Equity markets have continued to reach all-time highs in 2021. The optimism that drove markets to those highs has now been impacted by inflation concerns. Investors are increasingly worried about inflation and how it might impact their portfolios. Here’s an overview of what inflation is, how it is measured, why we’re experiencing high inflation, and how to review your investment portfolio with inflation in mind moving forward.
What is inflation and how is it measured?
We measure inflation by the Consumer Price Index (CPI), which is defined by the U.S. Bureau of Labor Statistics as the change in price of all goods and services for urban household consumption. Inflation tends to rise when you have too many dollars chasing too few goods. In short, it is a lack of production.
Why are we experiencing rising inflation right now?
Since the start of the COVID-19 pandemic in 2020, there have been three rounds of stimulus funds sent out to help offset the devastating impact of COVID-19. Additionally, the savings rate went up significantly during that time for people who still had jobs but were not spending their income on travel, dining, and other entertainment due to restrictions.
Now that the vaccination rate is increasing and restrictions are loosening, consumers are ready to spend the savings they’ve grown throughout the past 15 months. However, with so many businesses having experienced production reductions last year, there is not enough supply to meet consumers’ demand.
This results in the rise in price of goods, or CPI. For the 12-month period ending in April 2021, CPI increased to 4.2%. For comparison, the CPI has averaged 1.70% on an annualized basis over the previous 10 years, so the current inflation rate is significantly higher than previous years.
What does high inflation mean for investors?
The question for investors is “Is higher inflation a long-term trend?” While the risk of inflation is clearly real, there are reasons to believe higher inflation may only be temporary.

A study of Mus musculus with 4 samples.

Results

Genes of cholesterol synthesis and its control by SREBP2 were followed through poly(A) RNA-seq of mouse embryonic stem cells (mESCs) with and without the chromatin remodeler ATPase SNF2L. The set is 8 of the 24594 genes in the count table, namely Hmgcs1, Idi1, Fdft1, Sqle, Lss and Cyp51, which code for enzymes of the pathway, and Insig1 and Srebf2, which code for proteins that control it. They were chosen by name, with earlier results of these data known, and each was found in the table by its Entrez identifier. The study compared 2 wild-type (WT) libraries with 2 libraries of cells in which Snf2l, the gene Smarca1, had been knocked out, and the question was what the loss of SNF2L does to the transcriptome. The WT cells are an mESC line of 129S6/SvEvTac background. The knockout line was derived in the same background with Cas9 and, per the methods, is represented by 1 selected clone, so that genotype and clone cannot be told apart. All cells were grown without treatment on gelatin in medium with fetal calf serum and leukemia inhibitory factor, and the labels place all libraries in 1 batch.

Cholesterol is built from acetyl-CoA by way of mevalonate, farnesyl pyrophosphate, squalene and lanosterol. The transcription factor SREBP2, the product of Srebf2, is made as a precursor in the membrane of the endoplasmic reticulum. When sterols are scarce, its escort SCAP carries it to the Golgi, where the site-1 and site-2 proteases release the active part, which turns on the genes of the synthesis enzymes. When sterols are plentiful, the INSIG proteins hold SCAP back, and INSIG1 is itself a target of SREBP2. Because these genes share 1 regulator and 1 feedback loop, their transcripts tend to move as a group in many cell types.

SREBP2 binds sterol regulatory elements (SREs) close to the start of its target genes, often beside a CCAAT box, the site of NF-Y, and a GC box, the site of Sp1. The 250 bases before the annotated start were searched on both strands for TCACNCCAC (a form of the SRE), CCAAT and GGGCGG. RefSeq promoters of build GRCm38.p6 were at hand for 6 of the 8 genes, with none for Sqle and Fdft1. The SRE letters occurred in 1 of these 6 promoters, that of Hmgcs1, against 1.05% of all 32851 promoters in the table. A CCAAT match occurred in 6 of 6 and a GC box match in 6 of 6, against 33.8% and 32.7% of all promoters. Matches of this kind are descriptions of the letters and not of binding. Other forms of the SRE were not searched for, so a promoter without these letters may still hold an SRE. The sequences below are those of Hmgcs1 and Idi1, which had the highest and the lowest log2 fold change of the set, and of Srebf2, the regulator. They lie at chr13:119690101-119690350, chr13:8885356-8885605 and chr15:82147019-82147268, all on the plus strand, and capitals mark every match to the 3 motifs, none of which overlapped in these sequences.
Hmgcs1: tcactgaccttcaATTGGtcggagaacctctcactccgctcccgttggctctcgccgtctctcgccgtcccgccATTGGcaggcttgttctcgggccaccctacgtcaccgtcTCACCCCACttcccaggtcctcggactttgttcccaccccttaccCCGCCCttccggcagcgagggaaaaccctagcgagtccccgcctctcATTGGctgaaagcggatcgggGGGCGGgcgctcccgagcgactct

One of those reasons is the improving unemployment rate. The current U.S. unemployment rate is 6.1%. In April of 2020, it was 14.7%. Americans are returning to work and businesses are getting the additional help they need to meet consumer demand.
Another reason is that we have a highly efficient economy that has benefited from technological advances that have improved worker productivity over the last 40 years. Additionally, the Federal Reserve has committed to keeping interest rates low until unemployment is near 4% thus allowing for additional capital formation.
What can we expect moving forward?
The last time the U.S. suffered through high inflation rates was the late 1970s and early 1980s, and since then, the world’s capacity to produce goods and services has increased significantly. Unlike in the 70s when only the U.S., Canada, Australia, Europe and Japan were considered “first world” countries, we now have countries like China, South Korea, Taiwan, Mexico, Brazil and Vietnam all contributing to production to meet consumer demand.
Moving forward, it will be important to evaluate the risk of inflation as it relates to portfolios. The unemployment rate, statements from the Federal Reserve, the CPI, global production data and corporate earnings are all key factors to watch to evaluate if inflation will be a trend.
Jason Egge is a Financial Advisor with Securities America, Advisors, Inc. Securities offered through Securities America, Inc., member FINRA/SIPC. Advisory services offered through Securities America Advisors, Inc. Bankers Trust, BTC Financial Services, a division of Bankers Trust, and Securities America are separate companies. Securities America and its representatives do not provide tax advice; it is important to coordinate with your tax advisor regarding your specific situation.